Wednesday, November 20, 2013

Tips for Yarn Substitution

Having worked in my LYS for a short period of time I often assisted customers with yarn substitutions when the original yarn for a pattern was no longer available. In some cases the customer wanted a different yarn because of colour or fibre preferences. Occasionally they wanted to re-knit a favourite pattern but with a different look. Budget issues also were a reason for yarn substitutions, in some cases the original yarn was too expensive and in others the knitter felt they wanted a better yarn than the pattern called for and they had the resources to choose a luxury yarn. 

I've made a list here of  the tips I used when looking for an alternative yarn and the fibre and construction characteristics that you should be aware of.

Equal results:

  • Choose a yarn of the same fibre, yarn construction and gauge. Hint, it's not unusual for the exact same yarn to be distributed under a variety of labels.
  • Compare the weight in relationship to yardage for equal substitutions. Read here for more detail.
  • Choose a yarn which has similar memory or drape characteristics if you are changing fibres.

Different Results:

  • Choose a different fibre or blend.
  • Choose Superwash instead of hand wash only yarns.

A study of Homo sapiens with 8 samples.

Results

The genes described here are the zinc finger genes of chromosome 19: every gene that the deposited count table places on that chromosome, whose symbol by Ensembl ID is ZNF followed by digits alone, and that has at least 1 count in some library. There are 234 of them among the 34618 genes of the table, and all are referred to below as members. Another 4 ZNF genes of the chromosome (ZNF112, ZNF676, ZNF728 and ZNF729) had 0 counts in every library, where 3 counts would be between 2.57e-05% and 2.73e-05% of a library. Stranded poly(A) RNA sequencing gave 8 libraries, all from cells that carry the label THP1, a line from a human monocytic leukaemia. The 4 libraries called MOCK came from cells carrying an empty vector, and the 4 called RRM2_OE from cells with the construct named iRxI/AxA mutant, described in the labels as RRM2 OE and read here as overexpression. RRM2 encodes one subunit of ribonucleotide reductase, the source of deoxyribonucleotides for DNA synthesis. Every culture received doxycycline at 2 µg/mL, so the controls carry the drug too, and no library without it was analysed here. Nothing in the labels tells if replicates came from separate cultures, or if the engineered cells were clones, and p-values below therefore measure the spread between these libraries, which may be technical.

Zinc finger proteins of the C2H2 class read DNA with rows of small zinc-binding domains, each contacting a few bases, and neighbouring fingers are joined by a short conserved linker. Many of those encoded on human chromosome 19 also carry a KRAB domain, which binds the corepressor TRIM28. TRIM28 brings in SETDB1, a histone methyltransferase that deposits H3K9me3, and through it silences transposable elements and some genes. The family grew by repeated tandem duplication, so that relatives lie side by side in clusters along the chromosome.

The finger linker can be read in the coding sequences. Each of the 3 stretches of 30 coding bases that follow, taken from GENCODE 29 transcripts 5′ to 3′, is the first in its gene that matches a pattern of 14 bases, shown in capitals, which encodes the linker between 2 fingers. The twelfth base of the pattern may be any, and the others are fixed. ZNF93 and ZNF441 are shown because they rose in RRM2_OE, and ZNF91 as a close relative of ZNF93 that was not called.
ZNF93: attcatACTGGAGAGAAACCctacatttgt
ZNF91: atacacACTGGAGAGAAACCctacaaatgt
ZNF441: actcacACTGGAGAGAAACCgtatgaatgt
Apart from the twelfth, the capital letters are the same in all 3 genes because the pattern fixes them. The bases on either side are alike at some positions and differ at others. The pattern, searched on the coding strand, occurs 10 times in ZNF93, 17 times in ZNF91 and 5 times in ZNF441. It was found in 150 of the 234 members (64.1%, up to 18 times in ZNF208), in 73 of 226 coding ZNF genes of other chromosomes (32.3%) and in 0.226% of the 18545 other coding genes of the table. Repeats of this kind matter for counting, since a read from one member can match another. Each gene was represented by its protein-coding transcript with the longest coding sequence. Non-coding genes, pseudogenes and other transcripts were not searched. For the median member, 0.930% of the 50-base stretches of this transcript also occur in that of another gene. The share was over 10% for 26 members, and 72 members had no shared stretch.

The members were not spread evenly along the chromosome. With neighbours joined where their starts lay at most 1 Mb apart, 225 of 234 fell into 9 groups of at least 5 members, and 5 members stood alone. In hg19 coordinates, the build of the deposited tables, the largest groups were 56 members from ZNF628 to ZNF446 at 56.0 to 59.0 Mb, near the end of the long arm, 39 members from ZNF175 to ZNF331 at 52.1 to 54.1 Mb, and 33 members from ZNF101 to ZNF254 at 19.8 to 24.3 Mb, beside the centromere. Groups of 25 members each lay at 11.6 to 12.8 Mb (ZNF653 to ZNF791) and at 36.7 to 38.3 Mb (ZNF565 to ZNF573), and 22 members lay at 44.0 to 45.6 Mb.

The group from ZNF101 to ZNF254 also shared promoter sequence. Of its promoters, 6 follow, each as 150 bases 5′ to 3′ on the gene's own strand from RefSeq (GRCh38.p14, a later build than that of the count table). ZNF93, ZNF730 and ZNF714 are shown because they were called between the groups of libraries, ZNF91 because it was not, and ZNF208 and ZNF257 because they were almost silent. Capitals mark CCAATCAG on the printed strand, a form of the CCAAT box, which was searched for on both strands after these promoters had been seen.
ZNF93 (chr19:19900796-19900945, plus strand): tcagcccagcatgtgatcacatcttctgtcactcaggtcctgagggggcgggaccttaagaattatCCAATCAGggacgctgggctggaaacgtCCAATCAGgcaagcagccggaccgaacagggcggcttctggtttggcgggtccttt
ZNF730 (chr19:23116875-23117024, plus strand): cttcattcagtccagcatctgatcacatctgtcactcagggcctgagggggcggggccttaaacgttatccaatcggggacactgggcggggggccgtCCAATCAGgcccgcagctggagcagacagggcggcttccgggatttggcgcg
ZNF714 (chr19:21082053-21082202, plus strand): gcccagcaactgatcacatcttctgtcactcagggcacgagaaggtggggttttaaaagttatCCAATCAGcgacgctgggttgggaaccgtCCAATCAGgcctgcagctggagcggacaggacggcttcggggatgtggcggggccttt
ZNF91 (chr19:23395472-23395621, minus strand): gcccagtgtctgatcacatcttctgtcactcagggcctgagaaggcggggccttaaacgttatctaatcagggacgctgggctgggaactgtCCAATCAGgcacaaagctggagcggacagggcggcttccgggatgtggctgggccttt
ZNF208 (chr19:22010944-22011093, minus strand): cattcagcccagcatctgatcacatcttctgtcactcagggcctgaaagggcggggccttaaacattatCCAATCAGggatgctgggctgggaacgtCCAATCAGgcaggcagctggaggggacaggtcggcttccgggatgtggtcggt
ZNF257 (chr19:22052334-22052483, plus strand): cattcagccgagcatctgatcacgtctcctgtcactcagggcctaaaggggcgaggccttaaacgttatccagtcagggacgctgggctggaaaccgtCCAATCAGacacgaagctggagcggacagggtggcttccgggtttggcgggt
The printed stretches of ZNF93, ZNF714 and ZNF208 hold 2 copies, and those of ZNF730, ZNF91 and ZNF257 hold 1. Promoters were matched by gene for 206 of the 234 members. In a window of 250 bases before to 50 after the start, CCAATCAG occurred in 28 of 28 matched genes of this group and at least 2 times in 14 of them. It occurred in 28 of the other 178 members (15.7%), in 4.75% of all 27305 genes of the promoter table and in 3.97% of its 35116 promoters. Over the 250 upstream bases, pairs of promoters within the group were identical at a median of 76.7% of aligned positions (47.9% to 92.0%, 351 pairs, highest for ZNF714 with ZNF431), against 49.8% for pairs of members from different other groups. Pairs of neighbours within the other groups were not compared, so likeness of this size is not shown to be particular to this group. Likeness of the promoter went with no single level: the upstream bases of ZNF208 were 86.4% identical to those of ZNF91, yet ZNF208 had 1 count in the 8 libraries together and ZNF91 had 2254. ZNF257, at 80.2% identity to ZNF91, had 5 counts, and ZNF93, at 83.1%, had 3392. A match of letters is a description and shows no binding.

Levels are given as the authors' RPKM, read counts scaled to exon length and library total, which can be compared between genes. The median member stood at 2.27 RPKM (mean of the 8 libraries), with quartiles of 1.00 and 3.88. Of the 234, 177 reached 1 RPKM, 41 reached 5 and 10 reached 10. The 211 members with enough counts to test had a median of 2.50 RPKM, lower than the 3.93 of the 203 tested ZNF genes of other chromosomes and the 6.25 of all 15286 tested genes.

• Choose a hand-dye tonal instead of a solid.
  • Choose a yarn with halo vs. a yarn with a hard twist. 

Fibre Characteristics:

  • Wool has memory and will retain shape.
  • Wool varies in it's memory based on the specific breed. Some have bounce and elasticity others are firmer and create a stiffer fabric.
  • Superwash yarns have more drape, they won't felt and they have less memory.
  • Alpaca is a warmer yarn, it has more drape than wool and some halo.
  • Cashmere is soft, light and warm. It does not wear well.
  • Angoras are fuzzy and warm. They shed and can mat where there is abrasion.
  • Mohair is strong and has luster but has less memory than wool.
  • Cotton hemp and linen drape well but have little memory.
  • Silk and silky looking yarns have shine and drape but they lack memory.
  • Nylon adds strength and durability.
  • Blended yarns often mix the characteristics of each fibre, look at the percentages to assess which fibre will dominate.

Yarn Construction:

  • Single ply yarns have a softer look and will felt easily.
  • More plies that are tightly spun will wear better and showcase stitch patterns to their best advantage. 
  • Solid colours show patterning. 
  • Multi-coloured or variegated yarns such as hand dyed, heathers or tweeds obscure or soften stitch patterns. 
  • Novelty yarns require simple stitch formats.

Keep in mind when you work the swatch for the substitution that small swatches are unlikely to truly represent the nature of a specific yarn over a much larger piece of knitting. Either make a larger swatch or be ready to reassess once you have a larger part of your project underway.